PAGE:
Tips to Improve Writing (#4 – Avoid Repetitive Words)

Tip #4: Avoid Repetitive Words like the Plague

If you’ve landed here at Vanilla Grass for the first time, this post is part of a bi-weekly series, and this week’s Tips to Improve Writing (#4 – Avoid Repetitive Words), begins with an example. Check out the following paragraph for repetitive word use.

When you use a word in a sentence once, that’s fine. But when you use that same word in the next sentence and then the same word or phrase in another sentence or even the same sentence, your reader will struggle to read each sentence.

Did you get tired of reading the same word and sentence? I did. It’s one of my biggest pet peeves as a reader. Reading the same word over and over pulls my head out of the story, and I get fixated. Maybe that’s because I have ADHD (if you do too, check out this post about writing with ADHD), or maybe it’s equally annoying for everyone else. Regardless, repetitive words in your writing show you’re not paying enough attention to add variety.

3 Ways to Tell if You’re Using Repetitive Words

Avoid repetitive words by reading out loud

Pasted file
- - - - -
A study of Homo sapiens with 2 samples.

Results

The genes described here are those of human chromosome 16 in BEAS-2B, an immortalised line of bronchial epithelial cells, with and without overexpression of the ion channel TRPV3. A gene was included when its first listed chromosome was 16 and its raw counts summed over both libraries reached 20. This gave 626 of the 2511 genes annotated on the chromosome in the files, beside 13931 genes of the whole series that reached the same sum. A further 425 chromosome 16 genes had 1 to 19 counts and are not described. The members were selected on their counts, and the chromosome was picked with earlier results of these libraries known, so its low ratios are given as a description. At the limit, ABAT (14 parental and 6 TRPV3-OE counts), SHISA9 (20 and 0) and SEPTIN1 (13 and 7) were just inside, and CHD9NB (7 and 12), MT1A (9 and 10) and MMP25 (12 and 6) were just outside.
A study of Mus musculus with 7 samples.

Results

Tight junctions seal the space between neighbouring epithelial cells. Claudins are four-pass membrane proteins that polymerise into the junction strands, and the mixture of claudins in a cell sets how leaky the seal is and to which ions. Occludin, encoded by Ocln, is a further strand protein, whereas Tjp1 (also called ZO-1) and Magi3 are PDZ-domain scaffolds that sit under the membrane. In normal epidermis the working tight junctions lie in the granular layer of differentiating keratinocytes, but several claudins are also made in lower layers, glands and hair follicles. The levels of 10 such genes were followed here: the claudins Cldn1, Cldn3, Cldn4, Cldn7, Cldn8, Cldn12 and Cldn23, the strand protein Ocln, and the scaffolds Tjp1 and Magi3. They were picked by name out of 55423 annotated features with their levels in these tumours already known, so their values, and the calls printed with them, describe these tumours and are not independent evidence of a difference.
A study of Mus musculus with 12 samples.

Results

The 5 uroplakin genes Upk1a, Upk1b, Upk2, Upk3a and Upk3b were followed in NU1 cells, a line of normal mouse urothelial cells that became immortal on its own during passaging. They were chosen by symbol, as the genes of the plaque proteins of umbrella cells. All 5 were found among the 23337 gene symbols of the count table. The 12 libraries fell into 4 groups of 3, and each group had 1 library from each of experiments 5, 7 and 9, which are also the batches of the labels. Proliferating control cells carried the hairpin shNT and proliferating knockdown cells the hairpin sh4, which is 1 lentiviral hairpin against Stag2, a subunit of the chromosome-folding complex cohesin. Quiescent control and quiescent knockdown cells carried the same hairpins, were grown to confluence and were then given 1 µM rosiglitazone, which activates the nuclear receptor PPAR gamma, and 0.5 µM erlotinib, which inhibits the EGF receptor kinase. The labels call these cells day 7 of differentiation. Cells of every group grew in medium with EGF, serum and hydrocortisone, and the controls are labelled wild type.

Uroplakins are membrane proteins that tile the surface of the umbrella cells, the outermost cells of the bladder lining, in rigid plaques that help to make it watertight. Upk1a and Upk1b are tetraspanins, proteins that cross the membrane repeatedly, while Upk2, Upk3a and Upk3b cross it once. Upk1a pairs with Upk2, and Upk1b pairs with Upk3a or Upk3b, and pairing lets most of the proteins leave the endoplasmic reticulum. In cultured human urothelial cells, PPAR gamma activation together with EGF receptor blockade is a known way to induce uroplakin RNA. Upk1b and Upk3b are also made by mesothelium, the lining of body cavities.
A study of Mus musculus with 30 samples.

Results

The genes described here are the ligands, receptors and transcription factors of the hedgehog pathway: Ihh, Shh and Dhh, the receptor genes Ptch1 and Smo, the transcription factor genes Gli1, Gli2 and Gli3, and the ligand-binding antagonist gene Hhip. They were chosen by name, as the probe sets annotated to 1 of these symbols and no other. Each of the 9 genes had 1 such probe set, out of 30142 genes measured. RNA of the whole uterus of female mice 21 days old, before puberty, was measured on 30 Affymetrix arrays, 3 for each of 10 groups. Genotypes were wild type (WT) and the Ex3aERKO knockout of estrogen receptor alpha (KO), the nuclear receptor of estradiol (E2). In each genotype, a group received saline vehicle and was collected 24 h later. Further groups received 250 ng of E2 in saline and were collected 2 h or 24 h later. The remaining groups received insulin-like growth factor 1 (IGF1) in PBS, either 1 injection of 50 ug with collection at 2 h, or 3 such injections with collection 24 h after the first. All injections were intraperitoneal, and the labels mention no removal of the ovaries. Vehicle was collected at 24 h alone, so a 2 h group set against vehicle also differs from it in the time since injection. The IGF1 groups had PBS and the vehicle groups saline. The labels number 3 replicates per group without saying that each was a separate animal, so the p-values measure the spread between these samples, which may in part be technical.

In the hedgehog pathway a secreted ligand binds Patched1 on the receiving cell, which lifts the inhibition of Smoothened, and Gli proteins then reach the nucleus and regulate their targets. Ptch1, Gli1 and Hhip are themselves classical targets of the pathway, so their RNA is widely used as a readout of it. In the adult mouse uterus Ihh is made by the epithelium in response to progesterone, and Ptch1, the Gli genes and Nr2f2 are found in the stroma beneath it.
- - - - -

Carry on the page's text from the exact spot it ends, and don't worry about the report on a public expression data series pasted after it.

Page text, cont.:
Photo by cottonbro from Pexels
  1. While you may not catch repetitive words in your own writing, hearing your writing aloud can help. Try reading to yourself, adding your words to an online text-to-speech program, or ask a peer to read your work to you.
  2. You can also use the handy “find and replace” tool and search for words for which you know you have a weakness (“just” and “suddenly” are common culprits). Most writing platforms, including Microsoft Word and Google Docs have this handy feature.
  3. Some writing software like Grammarly can also point these words out. (This is what I use).

How to Improve Your Writing Once You’ve found Repetitive Words

Avoid Repetitive Words
Destroy them! Photo by Maria Pop from Pexels

Once you’ve found your repeating words, throw them into an online thesaurus. My go-to resource is One Look.

If I can’t find an easy replacement, then I often rewrite sentences or paragraphs to eliminate repetitious words (have you noticed that I started using alternatives to repetitive in this section?).

Once you’ve mastered this skill, you can move on to more. We hope you’ve enjoyed Tips to Improve Writing (#4 – Avoid Repetitive Words). You can view numbers three, two, and one, and come back for more tips and articles from Vanilla Grass.